Registration Dossier

Administrative data

Hazard for aquatic organisms

Freshwater

Hazard assessment conclusion:
no data available: testing technically not feasible

Marine water

Hazard assessment conclusion:
no data available: testing technically not feasible

STP

Hazard assessment conclusion:
no data available: testing technically not feasible

Sediment (freshwater)

Hazard assessment conclusion:
no data available: testing technically not feasible

Sediment (marine water)

Hazard assessment conclusion:
no data available: testing technically not feasible

Hazard for air

Hazard for terrestrial organisms

Soil

Hazard assessment conclusion:
no data available: testing technically not feasible

Hazard for predators

Secondary poisoning

Hazard assessment conclusion:
no potential for bioaccumulation

Additional information

PNECS FOR ENVIRONMENTAL COMPARTMENTS

In general, the available ecotoxicological testing data for the similar substances used in read-across indicate very low ecotoxicity for the substance.

A Water Accommodated Fraction (WAF) approach was taken to testing. The WAF approach was considered the only appropriate protocol given the extremely low water solubility of these substances. QSAR estimates of water solubility for the oxidised oils range from 10EXP(-21) – 10EXP(-12) mg/l based on Log Kow values, to 10EXP(-7) – 10EXP(-6) mg/l based on molecule fragments. In both cases it can be observed that the predicted water solubility is negligible and impossible to assess through direct physical measurements. Thus, a comparison of the available results with the expected solubility of the substance indicates that toxicity would not be expected at water saturation, resulting in a very low expected hazard for ecotoxicity. These findings generally support a Classification of no hazard for aquatic toxicity.

PNECs for environmental compartments (aquatic, sewage treatment plant [STP] microorganisms, sediments, soil and air) have not been developed at this stage due to the low ecotoxicological hazard expected, and because the available test data are not appropriate for PNEC development (i.e.,the results of WAF tests are not considered to be appropriate starting points because the concentration of substance in solution cannot be confirmed). The substances considered are expected to biodegrade in aquatic, STP, sediment and soil compartments, limiting exposure of organisms. For the case of the air compartment, the substance is considered to be virtually non-volatile, meaning that exposure in this compartment is not relevant.

PNEC FOR SECONDARY POISONING

Secondary poisoning is important to consider for substances that may accumulate through the food chain (i.e.,biomagnifying substances), posing a potential risk to higher trophic level organisms through dietary consumption. Chapter R.16 of ECHA’s Guidance for the implementation of REACH (ECHA, 2008a) provides the following “indications” for bioaccumulation potential of a substance:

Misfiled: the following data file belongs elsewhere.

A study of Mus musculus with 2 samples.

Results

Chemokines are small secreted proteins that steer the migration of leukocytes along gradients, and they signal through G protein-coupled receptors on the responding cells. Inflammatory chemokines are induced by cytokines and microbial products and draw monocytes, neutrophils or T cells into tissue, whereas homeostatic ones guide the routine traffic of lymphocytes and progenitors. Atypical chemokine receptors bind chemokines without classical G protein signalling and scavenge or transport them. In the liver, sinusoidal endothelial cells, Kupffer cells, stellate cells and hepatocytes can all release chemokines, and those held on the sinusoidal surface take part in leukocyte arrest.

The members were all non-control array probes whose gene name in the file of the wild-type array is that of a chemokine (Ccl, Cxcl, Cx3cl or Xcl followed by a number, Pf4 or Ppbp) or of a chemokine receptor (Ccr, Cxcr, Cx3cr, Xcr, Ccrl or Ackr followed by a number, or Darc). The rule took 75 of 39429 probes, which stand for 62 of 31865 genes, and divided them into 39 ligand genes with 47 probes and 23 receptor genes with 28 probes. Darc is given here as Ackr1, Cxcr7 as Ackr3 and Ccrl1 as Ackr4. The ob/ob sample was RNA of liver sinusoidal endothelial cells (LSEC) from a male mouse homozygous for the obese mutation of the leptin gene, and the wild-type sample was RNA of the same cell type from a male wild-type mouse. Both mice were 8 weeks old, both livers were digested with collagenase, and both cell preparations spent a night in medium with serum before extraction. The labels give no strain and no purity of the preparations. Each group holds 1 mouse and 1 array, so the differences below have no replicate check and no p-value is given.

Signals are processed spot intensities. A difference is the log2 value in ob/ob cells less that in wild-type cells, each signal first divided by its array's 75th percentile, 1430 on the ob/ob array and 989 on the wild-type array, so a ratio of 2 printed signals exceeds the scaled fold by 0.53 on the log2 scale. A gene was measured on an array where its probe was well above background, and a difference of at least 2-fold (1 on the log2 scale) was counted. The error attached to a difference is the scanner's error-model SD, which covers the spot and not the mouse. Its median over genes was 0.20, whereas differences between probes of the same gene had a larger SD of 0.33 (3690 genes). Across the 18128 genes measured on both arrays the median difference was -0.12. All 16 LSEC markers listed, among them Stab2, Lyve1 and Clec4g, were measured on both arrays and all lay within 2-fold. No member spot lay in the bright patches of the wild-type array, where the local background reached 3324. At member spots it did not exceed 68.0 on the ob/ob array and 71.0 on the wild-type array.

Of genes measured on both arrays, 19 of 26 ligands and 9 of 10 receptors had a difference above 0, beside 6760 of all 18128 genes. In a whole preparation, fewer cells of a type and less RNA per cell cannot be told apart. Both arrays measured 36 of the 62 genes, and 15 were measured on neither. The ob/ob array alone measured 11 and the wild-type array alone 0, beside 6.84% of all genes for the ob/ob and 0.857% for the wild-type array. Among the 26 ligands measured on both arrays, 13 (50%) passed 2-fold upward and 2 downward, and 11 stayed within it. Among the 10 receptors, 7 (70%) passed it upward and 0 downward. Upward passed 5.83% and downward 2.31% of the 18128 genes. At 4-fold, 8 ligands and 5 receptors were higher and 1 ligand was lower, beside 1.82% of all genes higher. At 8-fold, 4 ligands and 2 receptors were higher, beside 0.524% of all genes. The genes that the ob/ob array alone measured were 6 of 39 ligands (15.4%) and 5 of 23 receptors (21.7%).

1) it has a log Kow ≥ 3 and a molecular weight below 700 g/mol; or;

 

2) is highly adsorptive; or;

 

3) belongs to a class of substances known to have a potential to accumulate in living organisms; or;

 

4) there are indications from structural features; and

 

5) there is no mitigating property such as hydrolysis (half-life less than 12 hours).

 

The substance does not belong to any class of substances known to have a potential to accumulate in living organisms [3] nor are there any indications for bioaccumulation potential from structural features [4]. Moreover, the substance has a high molecular weight (>700 g/mol, [1]) and negligible water solubility, which means that its bioavailability and potential for adsorption through living membranes is very limited [2]. As a consequence, the risk of secondary poisoning can be discarded and no PNEC is required for secondary poisoning.

Conclusion on classification

The available toxicity values for Daphnia, Algae and Fish indicate that the substance is well above its solubility limit at the loading values. This allows inference that ecotoxicity would not be expected at the limit of water solubility for the substance.

Comparison of the available toxicity values to the T screening criterion from Chapter R.11 of ECHA Guidance (ECHA, 2008d) for acute tests of 0.1 mg/L results in screening conclusion of “presumably not T” for the substance. Due to difficulties in testing, it is generally expected that chronic fish toxicity data would not be available for similar highly hydrophobic substances, or where available, would be based on a WAF approach.

These considerations were deemed to provide sufficient evidence that toxicity will not occur in a chronic test, allowing for a weight of evidence conclusion of “not T” for the substance according to the REACH T Criteria and applicable guidance.

 

Although toxicity values are not available for terrestrial organisms, it is concluded that testing for terrestrial organisms can be waived because the substance will not be directly applied to soil and an indirect exposure to soil via sewage sludge transfer is unlikely since the substance is biodegradable, limiting concentrations in sewage sludge. If small amounts of the substance are present in sewage sludge transferred to soils, the substance would have low bioavailability due to a high degree of sorption to soil organic carbon, and would biodegrade further, limiting exposure by terrestrial plants, invertebrates and microorganisms.